She was from Maine and he was from California, but when Zmira Zilkha and Ward Wolff were both admitted in 2005 to Middlebury College in Vermont, a friend that he knew from high school and that she knew from summers in Prouts Neck, Maine, made sure that the two connected.

“We happened to be put in the same dorm,” Ms. Zilkha said. “He knocked on my door and came in and introduced himself.”

Her room was tiny, she said, and so she soon found herself spending the nights on a futon in a room Mr. Wolff shared. But their relationship was strictly platonic.

“I think we both always had a crush on each other,” said Ms. Zilkha, now 34 and studying for a doctoral degree in art history at the University of Southern California, in Los Angeles. “There was always something between us.”

Mr. Wolff says that he recognized early in their friendship that she was special. “She cares very deeply about the people who are very close with her, and that’s something I always felt as a friend,” he said. “Also, she has an infectious laugh and smile, and she can just lose her mind when she thinks something is funny.”

In their junior year of college, when she was abroad in Florence, Italy, and he was in Buenos Aires, they had an exchange on Facebook. “It was totally random,” she said. “He said, ‘So I’ve been thinking about it, and I think I should ask you to marry me.’”

“I said, ‘Don’t tempt me, Wardie. I just might say yes.”

In their senior year, they had a romance that lasted just a few days. Both say it took a long time for their friendship to recover.


“It wasn’t the right time,” said Ms. Zilkha, who will continue to use her name professionally but will change her legal surname to Wolff. “The irony is that we both now admit we had strong feelings for each other at the time.”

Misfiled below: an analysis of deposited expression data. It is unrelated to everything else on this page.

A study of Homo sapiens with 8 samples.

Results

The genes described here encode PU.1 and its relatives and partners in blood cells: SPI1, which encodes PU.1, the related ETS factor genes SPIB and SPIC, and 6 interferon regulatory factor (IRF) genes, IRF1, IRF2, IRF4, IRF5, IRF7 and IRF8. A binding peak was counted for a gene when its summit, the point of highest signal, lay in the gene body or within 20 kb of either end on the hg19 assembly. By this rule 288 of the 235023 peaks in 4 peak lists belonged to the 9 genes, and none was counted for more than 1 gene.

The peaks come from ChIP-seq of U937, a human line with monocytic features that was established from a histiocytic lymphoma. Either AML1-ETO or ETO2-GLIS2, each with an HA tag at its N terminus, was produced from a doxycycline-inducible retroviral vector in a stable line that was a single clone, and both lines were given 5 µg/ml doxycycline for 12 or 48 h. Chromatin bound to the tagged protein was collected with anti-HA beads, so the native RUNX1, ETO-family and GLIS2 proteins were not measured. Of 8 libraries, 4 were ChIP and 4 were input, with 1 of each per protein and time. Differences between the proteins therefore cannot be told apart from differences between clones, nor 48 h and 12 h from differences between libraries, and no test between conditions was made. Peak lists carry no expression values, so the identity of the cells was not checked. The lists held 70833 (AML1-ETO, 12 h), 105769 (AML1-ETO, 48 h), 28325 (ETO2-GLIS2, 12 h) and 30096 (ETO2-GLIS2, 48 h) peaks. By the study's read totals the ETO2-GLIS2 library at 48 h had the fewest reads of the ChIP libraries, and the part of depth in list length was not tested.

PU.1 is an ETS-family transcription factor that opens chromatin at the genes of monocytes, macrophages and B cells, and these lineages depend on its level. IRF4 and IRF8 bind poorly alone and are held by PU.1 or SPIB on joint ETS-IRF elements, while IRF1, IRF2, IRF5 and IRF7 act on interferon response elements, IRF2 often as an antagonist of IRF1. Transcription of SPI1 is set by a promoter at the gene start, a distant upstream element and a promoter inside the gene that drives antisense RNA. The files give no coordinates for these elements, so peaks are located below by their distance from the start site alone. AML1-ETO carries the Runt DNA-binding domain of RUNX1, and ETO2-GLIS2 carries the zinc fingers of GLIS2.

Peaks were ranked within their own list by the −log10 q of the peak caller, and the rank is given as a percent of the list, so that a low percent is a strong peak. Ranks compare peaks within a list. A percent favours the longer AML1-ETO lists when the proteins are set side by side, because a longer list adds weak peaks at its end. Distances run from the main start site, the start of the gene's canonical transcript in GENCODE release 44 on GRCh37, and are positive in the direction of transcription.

After they each graduated from Middlebury, both magna cum laude, they launched off into the world. She went to Europe, where she received a master’s degree in art history from the Courtauld Institute of Art in London, and after bouncing back and forth between New York and San Francisco, he landed on the East Coast, receiving an M.B.A. from N.Y.U. in 2017.

“We stayed in touch,” said Mr. Wolff, 34 and the associate director, in Los Angeles, of Upstart Co-Lab, an impact investing organization and a project of Rockefeller Philanthropy Advisors.

In December 2017, at a weekend-long birthday party of a mutual friend in Saugerties, N.Y., the two found themselves suddenly together again.

“We were playing a game of sardines, which is hide-and-go-seek, completely in the dark,” said Mr. Wolff. “And at one point, we just started holding hands in the dark. And not long afterward, had our first kiss.”

A few weeks later, after the holidays, on a “first date” in Brooklyn that both came to with some trepidation, they had a frank conversation about their aspirations and their hopes and their values. They found they were aligned.

“I’m not sure I’ve ever met someone with as much integrity,” Ms. Zilkha said.

The right time for the couple had finally come, and on July 18, just outside the Joshua Tree National Park in California, the two were married in a ceremony led by Victoria Hogan, a Universal Life minister. They canceled their original plan for a big wedding in Prouts Neck, because of the coronavirus pandemic.

“It just kind of felt like from the exact moment we first kissed, it was obvious that there was no other outcome,” Ms. Zilkha said. “It just felt like I was home.”